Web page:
Dave is at the wheel for the first stint and I’m riding shotgun. First impressions of this car are good, very good. This is not your grandfather’s Jaguar, the XF was in my opinion the first in their recent renaissance and it is a very modern and well appointed luxury car. It has that impervious feel as it charges down the road, this is not a car that wafts, it is a car that owns the road with confidence and authority.
As the passenger I’m in charge of blogging, in car entertainment and general shenanigans. The car is fitted with the optional Bowers & Wilkins stereo. Most car companies now have a premium sound option, often emblazoned with some familiar name such as Bose, Infinity, Harmon Kardon etc. The difference here is that this system isn’t just carrying the B&W badge, it was engineered by them and you can tell. I’m trying to do it justice by not playing 128k bitrate streaming nonsense and my 320k rips of The Preset’s excellent album Pacifica are doing the best they can, we have CDs but they are in the boot.
There is a lot of what is known as ‘surprise and delight’ in the XF. The interior is simple, not fussy and very easy to operate. The air vents and transmission selector are a little theatrical with various swivelling and rising motions letting you know that you aren’t driving a Ford Focus. The seats are comfortable with soft buttery leather that is showing few signs of wear from the previous owner and the ventilated option is doing a fantastic job of keeping my butt cooled, they heat up as well but as it is in the low 70s outside it is all about the cooling.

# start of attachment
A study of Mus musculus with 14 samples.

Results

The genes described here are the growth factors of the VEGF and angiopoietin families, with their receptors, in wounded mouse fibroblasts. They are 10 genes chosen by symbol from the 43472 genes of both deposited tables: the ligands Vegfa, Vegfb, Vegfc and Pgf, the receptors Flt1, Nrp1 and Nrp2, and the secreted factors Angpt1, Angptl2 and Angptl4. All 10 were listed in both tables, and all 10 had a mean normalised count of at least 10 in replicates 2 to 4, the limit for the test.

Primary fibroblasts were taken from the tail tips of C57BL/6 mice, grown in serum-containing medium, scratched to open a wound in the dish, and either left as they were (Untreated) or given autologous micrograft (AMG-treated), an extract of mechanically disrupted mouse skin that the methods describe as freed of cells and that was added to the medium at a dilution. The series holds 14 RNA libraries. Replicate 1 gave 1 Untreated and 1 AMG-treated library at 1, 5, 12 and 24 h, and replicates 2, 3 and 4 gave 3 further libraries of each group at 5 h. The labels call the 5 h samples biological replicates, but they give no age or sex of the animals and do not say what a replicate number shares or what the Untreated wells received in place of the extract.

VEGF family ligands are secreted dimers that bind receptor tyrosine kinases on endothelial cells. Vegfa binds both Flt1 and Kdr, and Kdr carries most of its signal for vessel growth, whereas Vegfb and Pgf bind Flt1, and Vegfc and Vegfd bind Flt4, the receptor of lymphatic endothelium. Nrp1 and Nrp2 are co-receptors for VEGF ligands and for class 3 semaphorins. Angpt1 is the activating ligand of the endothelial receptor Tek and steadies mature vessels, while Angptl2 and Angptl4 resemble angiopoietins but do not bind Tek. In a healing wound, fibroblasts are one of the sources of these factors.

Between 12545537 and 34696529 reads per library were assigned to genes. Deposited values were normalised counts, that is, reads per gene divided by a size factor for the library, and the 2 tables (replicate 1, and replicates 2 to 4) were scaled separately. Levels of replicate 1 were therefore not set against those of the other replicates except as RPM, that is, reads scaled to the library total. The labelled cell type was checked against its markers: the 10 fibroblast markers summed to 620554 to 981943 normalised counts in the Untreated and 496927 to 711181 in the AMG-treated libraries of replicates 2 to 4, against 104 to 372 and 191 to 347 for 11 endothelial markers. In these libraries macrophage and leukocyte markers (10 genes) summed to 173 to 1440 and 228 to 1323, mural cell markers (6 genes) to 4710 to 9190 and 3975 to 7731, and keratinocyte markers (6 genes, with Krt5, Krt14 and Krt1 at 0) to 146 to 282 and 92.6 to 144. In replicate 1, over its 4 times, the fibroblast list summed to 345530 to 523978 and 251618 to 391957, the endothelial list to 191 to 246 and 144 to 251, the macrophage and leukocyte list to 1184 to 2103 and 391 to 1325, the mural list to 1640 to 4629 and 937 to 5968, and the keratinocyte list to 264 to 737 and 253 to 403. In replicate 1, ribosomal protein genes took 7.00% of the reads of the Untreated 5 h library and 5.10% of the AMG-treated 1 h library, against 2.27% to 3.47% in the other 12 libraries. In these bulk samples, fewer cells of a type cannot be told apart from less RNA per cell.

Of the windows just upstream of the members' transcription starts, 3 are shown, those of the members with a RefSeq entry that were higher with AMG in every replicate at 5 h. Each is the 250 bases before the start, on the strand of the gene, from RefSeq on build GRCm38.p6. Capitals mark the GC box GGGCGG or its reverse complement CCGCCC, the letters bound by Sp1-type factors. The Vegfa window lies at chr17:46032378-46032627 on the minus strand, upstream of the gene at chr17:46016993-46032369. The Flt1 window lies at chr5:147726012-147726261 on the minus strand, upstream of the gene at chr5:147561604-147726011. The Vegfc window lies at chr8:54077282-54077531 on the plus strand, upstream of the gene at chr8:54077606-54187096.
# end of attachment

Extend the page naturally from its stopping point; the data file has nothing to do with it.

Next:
So far there’s only one annoyance but truth be told, it is a pretty significant one. You cannot enter a navigation destination whilst in motion and yes, before you all start screaming road safety, I’d like to be able to operate it as the passenger especially as we have discovered a tasty BBQ joint that we wish to make our first food & fuel stop. Grrrr.